This trip to the Ape Caves took place in Aug. 1996).
We arrived at the caves around noon, quickly geared up, and began our hike. The walk from the parking lot to the cave entrance was only about 100 yards. The 'main' entrance is actually a sink hole that has been fitted with stairs, allowing easy access to the main cave 40 feet below. The cave itself is approx. 12,800 feet in length. It was formed about 1900 years ago when a lava flow from Mt. St. Helens filled an old river canyon with lava. As the exterior of this new lava bed cooled, the interior continued to flow, eventually forming a long, hollow tube. The information booth had a sign that said it took roughly 85 days for this to occur. Over the years, erosion has covered the upper layer of the tube making it virtually indistinguishable from the surrounding forest. The Ape Cave is currently the longest known lava tube in the Northern Hemisphere (or continental US depending on what literature you read!).
There are three 'entrances' to the cave, two of which have been modified for easy access (to which Tim Oerting can attest to - he tried the third to no avail). The 'main' entrance, which we used, enters the cave about a third of the way along its length. We went along the shorter (or lower) length first. This part of the cave was about 3/4 of a mile long and was very easy to traverse. The ground, although hard and somewhat irregular, was fairly level and posed no large obstacles. The cave ceiling varied in height from roughly 5 to 30 feet (much more than 15 feet on the average). We passed through several large 'rooms' where you could see where the lava had etched long, straight lines into the cave edges and dripping lava had cooled to forms 'frozen' drops on the ceiling. The vertical drop in the lower section was only about 150 feet.
The lower section ends gradually, beginning with a 5 foot high tunnel that eventually peters off to nothing. The literature that we picked up describing the cave indicated that back in the Early Kalama Period, about 450 years ago, an eruption caused a large amount of ash to be washed into the lower section of the cave, giving it it's smooth floor. Seasonal rains still cause the terminus of the lower cave to change on an annual basis. For more information on the Early Kalama Period (which occurred about 450 years ago), please E-Mail Alan deSalvatore at ADES@MICROSCAN.COM (he knows all about it).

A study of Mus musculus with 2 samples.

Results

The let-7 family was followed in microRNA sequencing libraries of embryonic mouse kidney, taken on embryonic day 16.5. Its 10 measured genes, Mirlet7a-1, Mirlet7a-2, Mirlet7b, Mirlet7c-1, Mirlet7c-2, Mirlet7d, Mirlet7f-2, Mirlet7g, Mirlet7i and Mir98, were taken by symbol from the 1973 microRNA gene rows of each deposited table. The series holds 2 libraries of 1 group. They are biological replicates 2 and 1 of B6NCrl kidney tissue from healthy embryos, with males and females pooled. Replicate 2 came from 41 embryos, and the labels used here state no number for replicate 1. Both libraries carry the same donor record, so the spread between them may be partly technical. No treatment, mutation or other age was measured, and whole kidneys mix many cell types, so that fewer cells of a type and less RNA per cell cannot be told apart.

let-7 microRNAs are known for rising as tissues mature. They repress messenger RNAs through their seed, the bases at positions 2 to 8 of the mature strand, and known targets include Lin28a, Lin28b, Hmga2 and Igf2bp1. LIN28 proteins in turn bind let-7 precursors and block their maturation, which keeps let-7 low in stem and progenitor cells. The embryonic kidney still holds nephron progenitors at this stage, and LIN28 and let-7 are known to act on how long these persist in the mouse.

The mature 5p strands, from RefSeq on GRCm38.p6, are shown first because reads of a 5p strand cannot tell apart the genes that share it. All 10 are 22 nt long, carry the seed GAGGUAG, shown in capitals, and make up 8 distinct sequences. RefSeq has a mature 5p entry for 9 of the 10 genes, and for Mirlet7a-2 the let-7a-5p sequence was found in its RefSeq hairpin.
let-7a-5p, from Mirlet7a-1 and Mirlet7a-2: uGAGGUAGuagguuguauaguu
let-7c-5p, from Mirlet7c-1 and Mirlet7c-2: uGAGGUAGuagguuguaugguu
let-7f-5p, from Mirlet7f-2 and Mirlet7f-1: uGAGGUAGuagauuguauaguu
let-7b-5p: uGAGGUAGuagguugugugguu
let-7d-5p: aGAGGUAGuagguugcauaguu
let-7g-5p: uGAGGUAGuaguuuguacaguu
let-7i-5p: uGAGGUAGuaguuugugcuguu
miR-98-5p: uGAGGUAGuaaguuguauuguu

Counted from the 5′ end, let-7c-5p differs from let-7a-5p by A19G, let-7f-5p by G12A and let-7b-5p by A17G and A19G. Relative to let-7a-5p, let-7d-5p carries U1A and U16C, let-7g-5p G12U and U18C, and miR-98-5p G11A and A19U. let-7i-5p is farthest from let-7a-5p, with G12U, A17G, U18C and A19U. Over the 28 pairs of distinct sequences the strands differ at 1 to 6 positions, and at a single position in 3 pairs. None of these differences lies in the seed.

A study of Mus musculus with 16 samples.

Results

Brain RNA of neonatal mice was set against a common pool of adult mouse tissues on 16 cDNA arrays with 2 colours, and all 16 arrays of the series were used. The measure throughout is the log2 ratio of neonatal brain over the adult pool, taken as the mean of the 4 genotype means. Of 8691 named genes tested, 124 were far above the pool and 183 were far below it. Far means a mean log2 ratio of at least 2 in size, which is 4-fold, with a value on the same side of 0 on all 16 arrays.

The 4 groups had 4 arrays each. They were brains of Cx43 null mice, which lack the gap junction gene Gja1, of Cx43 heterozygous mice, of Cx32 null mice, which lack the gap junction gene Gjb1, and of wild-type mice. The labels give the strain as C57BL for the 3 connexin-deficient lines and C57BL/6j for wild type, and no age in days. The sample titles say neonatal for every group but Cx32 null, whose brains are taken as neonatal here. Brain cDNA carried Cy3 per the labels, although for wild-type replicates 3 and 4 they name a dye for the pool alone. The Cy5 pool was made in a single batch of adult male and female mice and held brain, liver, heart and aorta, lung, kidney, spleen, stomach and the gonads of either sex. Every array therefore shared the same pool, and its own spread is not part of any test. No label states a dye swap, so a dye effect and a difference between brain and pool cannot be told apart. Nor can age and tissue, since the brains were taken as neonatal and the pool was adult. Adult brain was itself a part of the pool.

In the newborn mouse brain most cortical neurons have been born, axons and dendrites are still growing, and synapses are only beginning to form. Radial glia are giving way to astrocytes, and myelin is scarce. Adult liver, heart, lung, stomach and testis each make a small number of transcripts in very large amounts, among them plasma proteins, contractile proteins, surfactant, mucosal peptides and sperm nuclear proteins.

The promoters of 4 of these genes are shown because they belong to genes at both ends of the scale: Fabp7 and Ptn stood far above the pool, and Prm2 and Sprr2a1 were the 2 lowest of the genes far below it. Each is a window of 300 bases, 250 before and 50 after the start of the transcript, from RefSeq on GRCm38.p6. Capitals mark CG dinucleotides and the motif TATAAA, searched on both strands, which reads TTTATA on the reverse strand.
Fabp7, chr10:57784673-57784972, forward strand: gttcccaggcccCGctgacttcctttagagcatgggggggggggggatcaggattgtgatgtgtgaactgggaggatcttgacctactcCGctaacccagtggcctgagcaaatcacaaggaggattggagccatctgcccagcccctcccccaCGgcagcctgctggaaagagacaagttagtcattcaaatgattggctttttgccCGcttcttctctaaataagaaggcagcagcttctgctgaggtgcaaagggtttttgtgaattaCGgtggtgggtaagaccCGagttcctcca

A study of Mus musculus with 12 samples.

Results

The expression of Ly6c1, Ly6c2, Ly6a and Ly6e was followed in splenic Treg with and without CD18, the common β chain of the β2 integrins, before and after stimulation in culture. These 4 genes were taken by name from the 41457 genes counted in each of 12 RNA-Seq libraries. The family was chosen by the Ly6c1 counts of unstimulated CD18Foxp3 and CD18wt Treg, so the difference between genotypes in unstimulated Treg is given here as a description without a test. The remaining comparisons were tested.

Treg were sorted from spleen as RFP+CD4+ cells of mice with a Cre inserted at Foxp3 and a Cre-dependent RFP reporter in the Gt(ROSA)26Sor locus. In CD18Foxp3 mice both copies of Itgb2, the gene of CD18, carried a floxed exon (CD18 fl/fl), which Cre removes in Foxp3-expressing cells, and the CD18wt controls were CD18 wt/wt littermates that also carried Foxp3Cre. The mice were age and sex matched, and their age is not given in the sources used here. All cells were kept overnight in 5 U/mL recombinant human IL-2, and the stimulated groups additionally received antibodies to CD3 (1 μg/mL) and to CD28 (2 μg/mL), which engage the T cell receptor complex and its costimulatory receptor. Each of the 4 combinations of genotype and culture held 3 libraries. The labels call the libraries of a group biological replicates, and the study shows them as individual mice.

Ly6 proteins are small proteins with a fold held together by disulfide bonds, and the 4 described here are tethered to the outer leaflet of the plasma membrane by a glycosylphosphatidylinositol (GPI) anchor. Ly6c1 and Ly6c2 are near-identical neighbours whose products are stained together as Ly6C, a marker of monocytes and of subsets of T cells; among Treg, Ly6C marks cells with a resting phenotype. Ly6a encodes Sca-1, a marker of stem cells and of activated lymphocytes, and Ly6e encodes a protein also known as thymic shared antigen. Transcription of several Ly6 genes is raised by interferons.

After reaching the end of the lower section, we backtracked up to the main entrance where we entered the longer, upper section. This part of the cave was MUCH more difficult to traverse (and a lot more fun too)! There were many rock piles (where the roof had collapsed years ago?) that had to be traversed. These ranged between 5 and 25 feet in height. The ceiling height again varied from 5 to 30 feet but averaged less than in the lower cave. There were several sections where we had to climb up very steep grades (45 to 70 degrees) ranging in height from 3 to 25 feet. Midway through this section is a 90 degree, 10 foot vertical rise that you have to traverse using just foot and hand holds.
If you like caves, the upper section is a definite 'must do'. It took less than an hour to do the lower section (including the backtrack), but over two hours to the upper (one way). At the end of the upper section is another set of stairs that will take you to the surface. The terminus of the upper section is roughly 300 vertical feet above the main entrance (which means lava must flow downhill as Alan so deftly pointed out). The upper terminus is just that...a rock wall dead end. I suspect it is a 'plug' of lava that cooled more rapidly, hiding what may exist beyond.
After exiting the cave at the upper end, we rested and ate lunch. After 30 minutes or so we headed back down to the parking lot using an above ground trail (about 1 1/4 mile long). On the way down we saw 2 deer and several deer mice. Very cool! The entire hike took about 4.5 hours (parking lot to parking lot). I suspect that most able bodied adults and kids of 8 years or older could handle it. For any of you that are interested in doing this I would recommend bringing:
Primary light source per person (Coleman lantern or flashlight)
Secondary light source (in case of emergency - probably a flashlight)
Canteen (no water there)
Gloves (rocks are hard and sharp in many cases)
Fairly warm clothing...don't gear up for Winter...but maybe Fall??
After hitting the parking lot we took another 15 minute break, got in our cars, and then headed to "Lava Canyon" (a 15 minute drive from the Ape Cave...or 17 minutes if Bassam is driving). Lava Canyon provides an expansive view of the South East side of Mount St. Helens. You can see part of the blast zone and there is a reader board that provides information on the area. It's worth the drive on a nice day!